On July 3rd of last year, I walked into a grocery store to pick up some last-minute food items. I suppose that I was really excited about the long weekend because I did something that I never, ever do: I asked my cashier, “Do you have any fun plans for the Fourth?”

I threw her off guard. A momentary look of surprise, consternation, terror, and joy came into the cashier’s eyes (I later learned that her name was Shannon) before she proceeded to tell me all about her upcoming weekend.

Since business was slow, Shannon and I got into a short but rewarding conversation that went from weekend plans to swapping stories about our hometowns. At the end of it, I felt that I understood her more as a person and had set myself apart from the faceless, nameless, silent consumer that I normally am.

I ran into a problem later that day: It seems like the market is what allows me to become that polite but bland and non-relational consumer.

The Blessing of the Impersonal

The market is, by nature, impersonal and that is actually an awesome thing. Dr. Ronald Nash describes its impersonal nature by comparing it to an urban traffic pattern:

One example of a spontaneous and impersonal order is an urban traffic pattern. As a city develops and grows over a long period of time, certain traffic patterns evolve. Anyone getting into a car in preparation for a drive across town must make numerous choices in response to such things as one-way streets, traffic lights, stop signs, and speed limits. Such traffic patterns are impersonal because they apply to everyone; they were not designed just for college graduates or white people or Presbyterians.

The free market’s standards are objective: As long as I have the required cash, I can buy groceries. Neither my popularity, nor my appearance, nor my belief system impact my ability to get what I need—no one knows and no one cares.

Better yet, I can order online without talking to a single person. The objective standards, justice, and convenience of an impersonal market are great news for any society.

Too Much Independence

Like any good thing, however, we can abuse the benefits and freedoms of the impersonal market.

[pq]Like any good thing, we can abuse the benefits and freedoms of the impersonal market.[/pq]

Instead of allowing business to be appropriately impersonal, we go too far and allow ourselves to dehumanize business altogether. That’s why we consider it normal to mumble a disinterested, “How are you?” while checking our Instagrams or keeping an eye on our items as they roll down the belt. And if our cashier makes a mistake, that’s annoying and inconvenient for us; we don’t really know or care why he or she made the error.

And so the story unfolds: We, the consumer become the subject, while the individual who is helping us becomes the object—a means toward our end. The end is, of course, the economic transaction.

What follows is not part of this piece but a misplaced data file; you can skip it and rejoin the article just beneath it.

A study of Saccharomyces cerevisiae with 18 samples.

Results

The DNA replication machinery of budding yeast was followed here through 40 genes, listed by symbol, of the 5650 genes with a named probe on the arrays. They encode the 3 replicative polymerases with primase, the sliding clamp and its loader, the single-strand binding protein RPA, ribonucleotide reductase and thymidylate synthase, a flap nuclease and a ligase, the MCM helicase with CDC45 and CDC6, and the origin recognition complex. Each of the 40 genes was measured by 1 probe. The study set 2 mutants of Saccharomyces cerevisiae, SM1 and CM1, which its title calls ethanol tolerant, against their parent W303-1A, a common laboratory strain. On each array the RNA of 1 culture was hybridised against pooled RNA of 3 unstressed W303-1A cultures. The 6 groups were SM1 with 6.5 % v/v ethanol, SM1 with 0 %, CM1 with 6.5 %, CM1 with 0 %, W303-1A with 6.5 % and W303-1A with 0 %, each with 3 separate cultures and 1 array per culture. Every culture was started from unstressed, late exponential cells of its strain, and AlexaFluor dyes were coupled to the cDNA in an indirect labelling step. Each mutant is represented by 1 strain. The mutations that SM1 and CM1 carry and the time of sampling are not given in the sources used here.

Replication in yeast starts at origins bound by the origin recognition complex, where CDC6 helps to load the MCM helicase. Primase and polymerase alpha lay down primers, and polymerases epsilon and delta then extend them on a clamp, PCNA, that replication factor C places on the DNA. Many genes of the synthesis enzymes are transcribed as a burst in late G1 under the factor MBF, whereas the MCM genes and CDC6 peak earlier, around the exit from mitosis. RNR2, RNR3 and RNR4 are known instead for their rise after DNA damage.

Beyond the Grocery Store

This type of behavior extends far beyond the grocery store; it becomes a mentality. We create value at work, in order to further ourselves, make money, feel valuable. Once we leave work, we become consumers, buying things and experiences that we hope will help us somehow.

Too often, people become merely the means to our economic ends. As we rush from commitment to party to commitment and then back to work in an attempt to “make a difference” or to “have a life” or to “get ahead,” we brush aside coworkers, family members, roommates, friends… and cashiers at the grocery store. In our focus on ourselves as consumers, we find it inconvenient or uncomfortable to put their needs as human beings before our own.

The Choice

I don’t want to minimize the benefits or beauty of impersonal business transactions. I simply want to point out that when we use them as an excuse to do what is easiest, we fall prey to the consumer mentality, dehumanizing ourselves and others.

For many, the days of general stores and small towns are an unattainable, romantic notion. And it’s not always practical or desirable (for ourselves or the other party) to strike up an in-depth conversation with everyone we do business with.

What we do need to understand, however, is that the human extends far beyond the economic. The market is an amazing tool that can help us reach our potential—but only if we use it within its proper scope.

We can look at our cashier who we know nothing about and make that, “How are you?” just a little more interested. We can take our eyes away from our phone or our items and look at the people around us—wonder what life looks like from their perspectives. We can remember that the people in our lives have intrinsic value, not just as objects for our own goals. We can extend our hospitality, give our time, and listen to problems… even when it is impractical, inconvenient, and “irrational” in a strict economic sense.

The market allows us to conduct impersonal economic transactions. It’s a wonderful, fair, convenient system that still gives us the capacity to invest in people—draining, inconvenient, and incredibly rewarding as they are.

As always, the market system leaves us with a choice to make.